The film is a sophisticated but unpretentious examination of drone warfare in our 21st century civilization – our big blue marble, which is getting frighteningly smaller by the minute, so technologically advanced yet still so stone age barbaric.
The film, directed with economy and precision by Gavin Hood (Hood, I now can forgive you for X-Men Origins: Wolverine), is a narrative throwback to political potboilers like Three Days of the Condor, Black Sunday, or even 12 Angry Men and Judgment and Nuremberg with a healthy dose of vintage Playhouse 90 and BBC teleplays in its DNA. That’s a compliment, by the way.
Taking place in a single day, across three continents (Africa, North America, and Europe) the film’s action is constrained essentially to a board room, two “mission control”-type chambers, and one dusty town in Nairobi. It’s a rare film these days that relies on its actors to bring the slow-burn pyrotechnics, nary a green screen or lightsaber or cape in sight.
Not unlike recent true-life thriller Captain Phillips (which also featured Barkhad Abdi, in an Oscar-nominated performance), Eye in the Sky weaves cinematic tension around the tricky juxtaposition of the comfortably mundane and the horrifyingly extraordinary. Like Tom Hanks’ Phillips, the characters in Eye in the Sky have jobs to do, mortgages to pay, birthday gifts to pick up, dogs to feed, snoring spouses to ignore, food poisoning to overcome, bread to sell … all while making small and large philosophical gestures toward righting the perceived wrongs in a vast geopolitical landscape.
A ball of ethereal, blue-eyed twitch, Breaking Bad‘s Aaron Paul, who plays the Las Vegas-based drone pilot assigned to Eye in the Sky‘s particular mission, is asked by a colleague why he signed on to a military career. In a lesser film, he might have replied (with flag waving in the foreground and a vaguely patriotic theme swelling in the soundtrack), “For love of country … and freedom … and our way of life.” In Eye in the Sky, his answer? “I had a mountain of student loan debt, and this job guarantees me four years of income.” Yup.
It’s a little throwaway moment, but, coupled with similar moments (Rickman wrestling with the choice of inanely named dolls in a toy shop; Mirren padding out of bed at 4 am to feed her dog and check her email; Abdi bringing some dubious looking lunch containers to his surveillance monitoring colleague), the film offers incisive, sobering, ever-so-lightly-satiric commentary on human survival.
In the context of the film, Mirren is an intelligence operative, Rickman is British military, Paul is American military, and Abdi Kenyan intelligence/military. They are collaborating to bring down a terrorist cell on the move in Nairobi. The film opens with a pastoral depiction of a Kenyan family – father, mother, daughter – eking out a living, repairing bicycles and baking bread. The young daughter – newcomer Aisha Takow in a hauntingly subtle, heart-tuggingly luminous performance – is dutiful and bright, enjoying her hula hoop and books behind the walls of the family home, but hiding her light out of necessity when “fanatical” (her father’s words) customers come to their door. As the military (and comically inept bureaucratic) forces converge to strike down the terrorist cell next door, the easy, kind-hearted daily rituals of this little family end up in the cross-hairs (literally). I don’t want to spoil the film, but I could cry right now just typing this.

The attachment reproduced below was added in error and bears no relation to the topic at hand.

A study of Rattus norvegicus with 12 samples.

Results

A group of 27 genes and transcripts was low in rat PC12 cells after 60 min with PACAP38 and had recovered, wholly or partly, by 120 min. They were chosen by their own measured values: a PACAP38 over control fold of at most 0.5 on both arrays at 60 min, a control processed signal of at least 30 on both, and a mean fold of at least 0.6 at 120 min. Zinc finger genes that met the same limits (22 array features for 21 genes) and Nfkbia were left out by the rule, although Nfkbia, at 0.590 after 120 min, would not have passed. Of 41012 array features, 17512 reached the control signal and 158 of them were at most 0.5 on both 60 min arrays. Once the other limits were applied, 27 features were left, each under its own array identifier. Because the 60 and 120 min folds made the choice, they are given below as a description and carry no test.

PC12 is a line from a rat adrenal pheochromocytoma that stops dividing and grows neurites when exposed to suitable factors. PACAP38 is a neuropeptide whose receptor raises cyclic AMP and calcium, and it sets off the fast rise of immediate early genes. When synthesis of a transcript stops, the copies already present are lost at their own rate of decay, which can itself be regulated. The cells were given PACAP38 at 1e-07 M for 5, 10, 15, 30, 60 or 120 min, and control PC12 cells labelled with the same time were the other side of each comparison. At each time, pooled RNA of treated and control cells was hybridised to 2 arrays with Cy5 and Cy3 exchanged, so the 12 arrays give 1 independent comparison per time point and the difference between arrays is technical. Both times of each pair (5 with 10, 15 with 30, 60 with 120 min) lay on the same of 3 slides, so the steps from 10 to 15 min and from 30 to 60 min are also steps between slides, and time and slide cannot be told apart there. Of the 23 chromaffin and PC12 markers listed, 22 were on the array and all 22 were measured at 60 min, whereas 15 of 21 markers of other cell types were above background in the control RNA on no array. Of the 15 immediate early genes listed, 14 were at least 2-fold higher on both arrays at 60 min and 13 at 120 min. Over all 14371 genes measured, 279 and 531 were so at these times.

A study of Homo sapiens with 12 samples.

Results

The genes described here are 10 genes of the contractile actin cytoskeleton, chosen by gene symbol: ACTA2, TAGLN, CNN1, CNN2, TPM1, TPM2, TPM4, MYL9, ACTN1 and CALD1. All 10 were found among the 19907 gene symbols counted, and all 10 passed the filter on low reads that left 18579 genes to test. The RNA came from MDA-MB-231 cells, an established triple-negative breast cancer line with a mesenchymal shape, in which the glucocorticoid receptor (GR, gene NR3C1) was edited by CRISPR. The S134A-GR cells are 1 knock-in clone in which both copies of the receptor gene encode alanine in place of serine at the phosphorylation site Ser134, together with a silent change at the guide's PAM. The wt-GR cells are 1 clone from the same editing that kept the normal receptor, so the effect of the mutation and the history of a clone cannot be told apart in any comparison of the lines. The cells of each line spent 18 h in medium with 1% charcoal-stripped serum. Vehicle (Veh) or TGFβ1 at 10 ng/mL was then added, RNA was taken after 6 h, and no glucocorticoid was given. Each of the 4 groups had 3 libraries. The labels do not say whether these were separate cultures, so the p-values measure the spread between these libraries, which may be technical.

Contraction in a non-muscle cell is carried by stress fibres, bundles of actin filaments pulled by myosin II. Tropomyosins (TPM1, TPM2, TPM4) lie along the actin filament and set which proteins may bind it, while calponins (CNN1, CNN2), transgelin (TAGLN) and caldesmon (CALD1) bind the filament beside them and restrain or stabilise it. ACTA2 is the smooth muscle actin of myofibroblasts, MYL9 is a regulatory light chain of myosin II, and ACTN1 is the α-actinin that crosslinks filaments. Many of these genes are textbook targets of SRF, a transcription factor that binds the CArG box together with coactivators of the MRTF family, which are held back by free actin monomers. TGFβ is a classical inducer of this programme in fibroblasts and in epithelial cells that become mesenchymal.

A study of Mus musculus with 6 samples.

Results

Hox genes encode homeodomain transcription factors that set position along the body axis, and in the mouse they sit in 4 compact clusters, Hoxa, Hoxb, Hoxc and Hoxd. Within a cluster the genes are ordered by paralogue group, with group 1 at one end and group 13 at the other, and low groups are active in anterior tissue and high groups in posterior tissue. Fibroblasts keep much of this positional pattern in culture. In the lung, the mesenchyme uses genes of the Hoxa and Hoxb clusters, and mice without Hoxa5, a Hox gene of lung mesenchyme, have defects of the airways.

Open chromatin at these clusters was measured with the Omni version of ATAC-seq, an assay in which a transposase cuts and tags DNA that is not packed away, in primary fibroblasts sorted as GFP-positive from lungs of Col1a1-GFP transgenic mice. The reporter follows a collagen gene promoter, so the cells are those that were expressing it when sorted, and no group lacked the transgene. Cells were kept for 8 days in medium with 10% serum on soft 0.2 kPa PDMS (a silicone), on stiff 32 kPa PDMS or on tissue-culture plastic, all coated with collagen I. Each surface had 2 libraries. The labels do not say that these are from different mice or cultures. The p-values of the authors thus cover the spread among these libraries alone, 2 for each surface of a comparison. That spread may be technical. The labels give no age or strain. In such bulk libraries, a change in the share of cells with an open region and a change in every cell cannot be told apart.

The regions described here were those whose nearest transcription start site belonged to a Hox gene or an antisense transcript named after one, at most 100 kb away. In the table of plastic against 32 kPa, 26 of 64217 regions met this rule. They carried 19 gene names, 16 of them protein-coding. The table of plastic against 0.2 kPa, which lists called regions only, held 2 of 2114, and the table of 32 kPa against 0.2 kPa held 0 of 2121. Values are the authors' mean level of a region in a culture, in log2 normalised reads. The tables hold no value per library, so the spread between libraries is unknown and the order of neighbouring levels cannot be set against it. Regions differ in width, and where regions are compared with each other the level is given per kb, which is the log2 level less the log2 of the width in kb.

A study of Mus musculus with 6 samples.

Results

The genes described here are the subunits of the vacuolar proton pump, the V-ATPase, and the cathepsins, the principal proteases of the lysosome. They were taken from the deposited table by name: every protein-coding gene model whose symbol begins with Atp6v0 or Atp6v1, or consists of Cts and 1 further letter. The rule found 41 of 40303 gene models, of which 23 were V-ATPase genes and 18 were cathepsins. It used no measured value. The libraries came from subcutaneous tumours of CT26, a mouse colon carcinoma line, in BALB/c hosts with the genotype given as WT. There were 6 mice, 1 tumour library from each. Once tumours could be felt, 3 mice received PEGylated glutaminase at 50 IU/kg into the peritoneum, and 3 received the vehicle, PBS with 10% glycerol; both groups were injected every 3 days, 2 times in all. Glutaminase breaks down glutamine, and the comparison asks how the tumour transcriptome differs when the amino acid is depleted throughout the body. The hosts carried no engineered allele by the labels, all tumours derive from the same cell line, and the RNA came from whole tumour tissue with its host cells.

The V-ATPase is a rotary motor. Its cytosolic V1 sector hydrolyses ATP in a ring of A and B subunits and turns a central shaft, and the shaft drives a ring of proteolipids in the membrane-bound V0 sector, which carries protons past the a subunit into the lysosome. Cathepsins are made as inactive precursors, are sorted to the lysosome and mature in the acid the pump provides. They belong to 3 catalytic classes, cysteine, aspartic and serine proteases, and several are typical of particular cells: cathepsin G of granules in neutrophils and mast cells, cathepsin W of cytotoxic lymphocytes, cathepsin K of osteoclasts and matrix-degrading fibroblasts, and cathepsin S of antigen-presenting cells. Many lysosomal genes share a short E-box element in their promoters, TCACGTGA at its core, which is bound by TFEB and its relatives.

You must see this film. It is humanist. It is feminist. It is fair. There isn’t an ounce of jingoism, but it is patriotic- that is, if you see patriotism, not with the skewed xenophobic nationalist lens that has ruined the word, but as something that certain leaders must carry in their hearts and minds and actions to preserve a larger peace for us all. And the film never shies from the idea that said peace for one group has a yin/yang consequence on another group down the line. Every action has an equal and opposite reaction. Our political and military decisions carry racist, sexist, classist implications. They all come at a cost – to life on this planet and to our souls.
At the film’s conclusion, Rickman (who is a beautiful tempest of persistence and exasperation in the film) dresses down a well-intentioned bureaucrat to never doubt a military man’s (woman’s) deep awareness of the bloody price of war. That’s the genius of this film. No one is a villain; no one is a hero. Choices are made pragmatically, and it is that crushing pragmatism that tortures every character in the film. Ultimately, like us all, the characters in Eye in the Sky just hope to make it through their 9-5 days relatively unscathed, go home, take off their shoes, pet the dog, love their kids, and sleep.
When the director of the movie you’ve just reviewed tweets out your post … #Cloud9here (print and digital). In addition to online ordering at Amazon or from the publisher Open Books, the first book is currently is being carried by Bookbound, Common Language Bookstore, and Crazy Wisdom Bookstore and Tea Room in Ann Arbor, Michigan and by Green Brain Comics in Dearborn, Michigan. My mom Susie Duncan Sexton’s Secrets of an Old Typewriter series is also available on Amazon and at Bookbound and Common Language.